Amazon Tells Drivers 'Endorphins Are Your Friend' on Amazon Prime Day

A list of six tips Amazon distributed to drivers to "keep in top shape" during one of its largest sales events of the year is all but impossible.

In the United Kingdom, Amazon distributed a set of five tips to its drivers for "keep[ing] in top shape" during Amazon Prime Day: eat breakfast, drink water, take breaks, stay positive, and stop for lunch. 


But following these tips is impossible for many Amazon drivers who aren't even employed by the company. Amazon delivery drivers face extreme pressure from their contractors, known as Amazon Delivery Partners, who are in turn paid and evaluated by Amazon. In other words, they have to finish their routes as quickly as possible, often under pressure to circumvent safety rules, traffic laws, and skip legally mandated breaks in order to hit delivery targets. 

"Keep it positive: Endorphins are your friend!" one of the tips on the flyer distributed to Amazon drivers reads. "Keep them flowing by staying on the move, and striking up a conversation."

On Facebook forums, where surviving the Amazon sales event has been a frequent topic of conversation among drivers in recent days, drivers joked about Amazon's tips. 

"Take your lunch and breaks. Sure, if you want [your dispatcher] on your ass saying you're 20 or so stops behind," an Amazon delivery driver in Los Angeles wrote.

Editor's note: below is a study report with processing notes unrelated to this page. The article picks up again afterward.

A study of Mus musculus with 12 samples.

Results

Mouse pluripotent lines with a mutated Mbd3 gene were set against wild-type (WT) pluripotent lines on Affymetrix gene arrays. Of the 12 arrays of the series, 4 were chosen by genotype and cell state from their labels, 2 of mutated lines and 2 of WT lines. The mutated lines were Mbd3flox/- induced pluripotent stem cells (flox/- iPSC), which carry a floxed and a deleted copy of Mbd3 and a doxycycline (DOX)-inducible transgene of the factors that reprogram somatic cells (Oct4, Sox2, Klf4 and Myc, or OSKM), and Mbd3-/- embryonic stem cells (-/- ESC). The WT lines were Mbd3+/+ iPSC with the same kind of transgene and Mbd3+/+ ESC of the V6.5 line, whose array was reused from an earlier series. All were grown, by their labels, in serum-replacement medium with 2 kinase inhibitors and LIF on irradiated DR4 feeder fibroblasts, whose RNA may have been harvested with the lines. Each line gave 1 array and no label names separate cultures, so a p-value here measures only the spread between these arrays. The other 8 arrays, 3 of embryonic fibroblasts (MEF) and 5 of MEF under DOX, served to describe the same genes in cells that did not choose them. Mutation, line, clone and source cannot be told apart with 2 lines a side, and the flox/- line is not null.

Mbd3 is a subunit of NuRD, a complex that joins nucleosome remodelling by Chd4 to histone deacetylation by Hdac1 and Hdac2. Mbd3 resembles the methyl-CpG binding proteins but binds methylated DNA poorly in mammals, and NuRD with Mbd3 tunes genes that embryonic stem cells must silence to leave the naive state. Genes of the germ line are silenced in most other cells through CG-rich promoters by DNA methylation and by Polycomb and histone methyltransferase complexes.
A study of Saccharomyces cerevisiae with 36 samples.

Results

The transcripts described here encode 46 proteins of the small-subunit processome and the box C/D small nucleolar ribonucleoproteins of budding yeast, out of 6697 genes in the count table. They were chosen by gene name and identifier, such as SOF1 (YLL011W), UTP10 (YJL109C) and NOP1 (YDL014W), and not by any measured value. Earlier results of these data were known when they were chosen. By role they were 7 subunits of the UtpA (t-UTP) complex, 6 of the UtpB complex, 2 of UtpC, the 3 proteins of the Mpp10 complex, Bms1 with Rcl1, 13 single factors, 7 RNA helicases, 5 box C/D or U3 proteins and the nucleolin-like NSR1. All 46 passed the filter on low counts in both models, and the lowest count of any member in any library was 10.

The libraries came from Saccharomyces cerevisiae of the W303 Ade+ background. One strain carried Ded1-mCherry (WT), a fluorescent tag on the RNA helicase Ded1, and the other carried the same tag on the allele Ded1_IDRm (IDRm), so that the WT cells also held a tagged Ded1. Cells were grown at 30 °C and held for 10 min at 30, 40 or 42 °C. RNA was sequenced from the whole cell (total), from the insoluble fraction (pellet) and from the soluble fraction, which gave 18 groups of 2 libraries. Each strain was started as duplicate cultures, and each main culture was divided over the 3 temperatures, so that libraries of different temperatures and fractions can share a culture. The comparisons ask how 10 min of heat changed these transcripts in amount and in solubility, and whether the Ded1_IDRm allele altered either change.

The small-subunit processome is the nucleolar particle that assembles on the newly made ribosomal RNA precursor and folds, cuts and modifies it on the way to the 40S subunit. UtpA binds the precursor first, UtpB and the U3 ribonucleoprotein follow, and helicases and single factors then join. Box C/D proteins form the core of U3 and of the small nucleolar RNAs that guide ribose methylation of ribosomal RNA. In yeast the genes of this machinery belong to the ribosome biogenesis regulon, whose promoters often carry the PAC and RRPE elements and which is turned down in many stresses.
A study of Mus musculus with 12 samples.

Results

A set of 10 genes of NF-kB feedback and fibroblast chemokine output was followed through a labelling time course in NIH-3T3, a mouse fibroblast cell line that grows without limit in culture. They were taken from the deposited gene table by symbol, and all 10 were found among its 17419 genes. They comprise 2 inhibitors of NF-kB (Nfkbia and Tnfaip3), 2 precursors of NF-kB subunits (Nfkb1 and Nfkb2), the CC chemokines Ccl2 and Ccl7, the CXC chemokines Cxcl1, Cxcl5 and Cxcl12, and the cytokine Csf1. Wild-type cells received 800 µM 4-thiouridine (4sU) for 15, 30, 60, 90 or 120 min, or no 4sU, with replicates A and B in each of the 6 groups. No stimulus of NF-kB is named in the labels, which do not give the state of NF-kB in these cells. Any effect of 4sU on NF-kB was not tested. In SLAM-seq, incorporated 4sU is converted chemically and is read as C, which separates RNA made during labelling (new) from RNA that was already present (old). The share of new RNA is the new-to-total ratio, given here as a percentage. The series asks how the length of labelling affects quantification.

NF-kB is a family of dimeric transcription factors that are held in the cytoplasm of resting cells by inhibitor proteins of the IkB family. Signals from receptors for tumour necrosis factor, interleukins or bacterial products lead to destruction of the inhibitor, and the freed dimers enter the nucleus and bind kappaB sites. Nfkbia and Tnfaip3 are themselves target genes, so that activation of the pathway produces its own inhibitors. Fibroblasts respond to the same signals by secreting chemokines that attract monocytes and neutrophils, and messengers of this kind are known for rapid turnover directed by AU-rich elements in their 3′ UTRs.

"I don’t take a break. I eat and drink as I go, as I like to get back to see my kids before they go to bed," an Amazon delivery driver in a suburb of London who received the flyer, told Motherboard.

"As for striking up conversations, sometimes customers wanna chat, but we always kinda respond like, 'Haha that's great—anyway we gotta go,'" an Amazon delivery driver in Virginia told Motherboard. 

While Amazon does supply its drivers with plenty of water, hydrating regularly leads to other problems. Amazon delivery drivers frequently don't have time to find bathrooms and have described peeing in bottles, bags, “she-wees,” or fasting during their routes to avoid using the bathroom.  

"I got a lot of routes in the mountains, so I opened a black trash bag in the back of the van and peed over that," an Amazon delivery driver in North Carolina who quit earlier this year told Motherboard. "I'm dehydrated and exhausted, and that's led to my resignation. People are killing their bodies to keep up with the demand, and it has to stop."

Amazon did not respond to a request for comment.